What are BASEL III norms?

Tag: GS 3 || Economy || Banking & Financial Sector || Commercial Banking

Why in news?

  • Central Bank of India (CBI) is planning to raise up to Rs 5,000 crore in the current fiscal through various means, including rights issue and FPO, to meet Basel III norms by March 2020.


  • The bank will raise capital through –
    • Follow on public offer (FPO): A follow-on public offer (FPO) is also called further public offer.
      • When a listed company comes out with a fresh issue of shares or makes an offer for sale to the public to raise funds it is known as FPO.
      • In other words, FPO is the consequent issue to the public after initial public offering (IPO).
    • Rights Issue: An issue of shares offered at a special price by a company to its existing shareholders in proportion to their holding of old shares.
    • Qualified Institutional Placement (QIP): A qualified institutional placement (QIP) is, at its core, a way for listed companies to raise capital, without having to submit legal paperwork to market regulators.
      • It is common in India and other Southeast Asian countries.
      • The Securities and Exchange Board of India (SEBI) created the rule to avoid the dependence of companies on foreign capital resources.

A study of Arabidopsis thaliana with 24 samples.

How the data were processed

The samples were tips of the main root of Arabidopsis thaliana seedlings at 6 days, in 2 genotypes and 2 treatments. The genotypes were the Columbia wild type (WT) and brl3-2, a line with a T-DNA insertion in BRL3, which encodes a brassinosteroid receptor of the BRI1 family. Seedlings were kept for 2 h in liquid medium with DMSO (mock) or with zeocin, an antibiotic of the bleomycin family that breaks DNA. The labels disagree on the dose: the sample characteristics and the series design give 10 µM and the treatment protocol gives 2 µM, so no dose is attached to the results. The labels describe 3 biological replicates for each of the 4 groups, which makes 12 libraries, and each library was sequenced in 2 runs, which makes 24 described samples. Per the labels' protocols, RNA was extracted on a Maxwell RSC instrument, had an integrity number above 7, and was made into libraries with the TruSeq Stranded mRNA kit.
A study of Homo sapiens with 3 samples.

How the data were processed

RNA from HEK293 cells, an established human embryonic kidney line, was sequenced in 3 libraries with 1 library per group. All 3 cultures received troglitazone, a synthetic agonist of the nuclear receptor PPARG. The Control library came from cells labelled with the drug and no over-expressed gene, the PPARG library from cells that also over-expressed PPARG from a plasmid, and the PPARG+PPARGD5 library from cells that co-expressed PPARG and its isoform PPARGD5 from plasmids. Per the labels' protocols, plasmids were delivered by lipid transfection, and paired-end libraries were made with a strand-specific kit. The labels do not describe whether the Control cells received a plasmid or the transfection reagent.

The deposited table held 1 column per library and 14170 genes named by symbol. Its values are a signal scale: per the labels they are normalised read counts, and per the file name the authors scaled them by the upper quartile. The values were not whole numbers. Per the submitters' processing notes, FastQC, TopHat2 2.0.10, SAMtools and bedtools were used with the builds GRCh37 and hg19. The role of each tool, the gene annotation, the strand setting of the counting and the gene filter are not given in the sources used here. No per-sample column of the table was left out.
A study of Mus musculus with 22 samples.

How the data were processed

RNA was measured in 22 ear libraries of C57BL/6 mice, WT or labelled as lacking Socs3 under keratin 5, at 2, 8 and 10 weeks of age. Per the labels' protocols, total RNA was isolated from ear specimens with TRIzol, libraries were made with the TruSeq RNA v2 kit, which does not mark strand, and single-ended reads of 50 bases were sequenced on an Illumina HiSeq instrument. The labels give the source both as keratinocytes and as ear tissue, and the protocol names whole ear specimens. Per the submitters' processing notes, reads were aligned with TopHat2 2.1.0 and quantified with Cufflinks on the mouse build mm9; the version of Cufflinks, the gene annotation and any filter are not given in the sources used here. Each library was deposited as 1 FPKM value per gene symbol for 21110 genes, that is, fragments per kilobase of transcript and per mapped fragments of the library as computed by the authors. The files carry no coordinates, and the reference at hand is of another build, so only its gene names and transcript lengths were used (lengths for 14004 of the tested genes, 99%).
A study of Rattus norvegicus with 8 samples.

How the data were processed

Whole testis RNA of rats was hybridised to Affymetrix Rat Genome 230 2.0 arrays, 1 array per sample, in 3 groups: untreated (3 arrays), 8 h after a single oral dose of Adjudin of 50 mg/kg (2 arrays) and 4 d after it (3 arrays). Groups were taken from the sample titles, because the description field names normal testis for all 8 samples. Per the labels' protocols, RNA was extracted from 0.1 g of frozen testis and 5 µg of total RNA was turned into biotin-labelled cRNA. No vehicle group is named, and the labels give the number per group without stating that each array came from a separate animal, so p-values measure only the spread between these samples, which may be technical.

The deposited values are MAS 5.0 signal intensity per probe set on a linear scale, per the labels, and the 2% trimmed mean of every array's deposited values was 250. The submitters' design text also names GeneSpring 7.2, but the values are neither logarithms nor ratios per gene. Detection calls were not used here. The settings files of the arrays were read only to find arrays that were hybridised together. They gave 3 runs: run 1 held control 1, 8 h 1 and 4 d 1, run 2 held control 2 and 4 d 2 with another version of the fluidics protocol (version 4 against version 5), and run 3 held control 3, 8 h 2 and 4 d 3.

• Equity shares: The bank will create, offer and allot such number of equity shares up to the value of Rs 5,000 crore, whether at a discount or premium to the market price, in one or more tranches.

Basel III regulations

  • As per the Basel III regulations, Central Bank will be required to maintain –
    • minimum common equity tier I ratio of 5.50% and
    • capital conservation buffer of 2.50% in the form of equity capital, and
    • tier I ratio of 9.50% and
    • overall CRAR (capital to risk weighted assets ratio) of 11.50% by March 31, 2020.


  • To meet general business purposes: The Bank will be requiring capital to meet the prescribed capital adequacy ratio (CAR) on ongoing basis. The capital will be utilised for the general business purposes.
  • Net loss at Rs 5,641 crore: The lender registered a widening of its net loss at Rs 5,641 crore during 2018-19 as against Rs 5,105 crore in the preceding fiscal due to high level of bad loans and provisions for them.
  • GNPA: The gross non-performing loans stood at 19.29% at the end of March 2019.
  • The net bad loans ratio stood at 7.73%.
  • Net NPAs: In 2017-18, the gross bad loans were 21.48%, while net NPAs were 10%.
  • Total income during 2018-19 also fell to Rs 25,052 crore as compared to Rs 26,659 crore a year ago.
  • PCA: Due to high net NPA and negative return on assets, the RBI had put the lender under its prompt corrective action (PCA) framework in June 2017.

Mains question

  • What are BASEL III norms? Why is it critical for banks to follow these norms?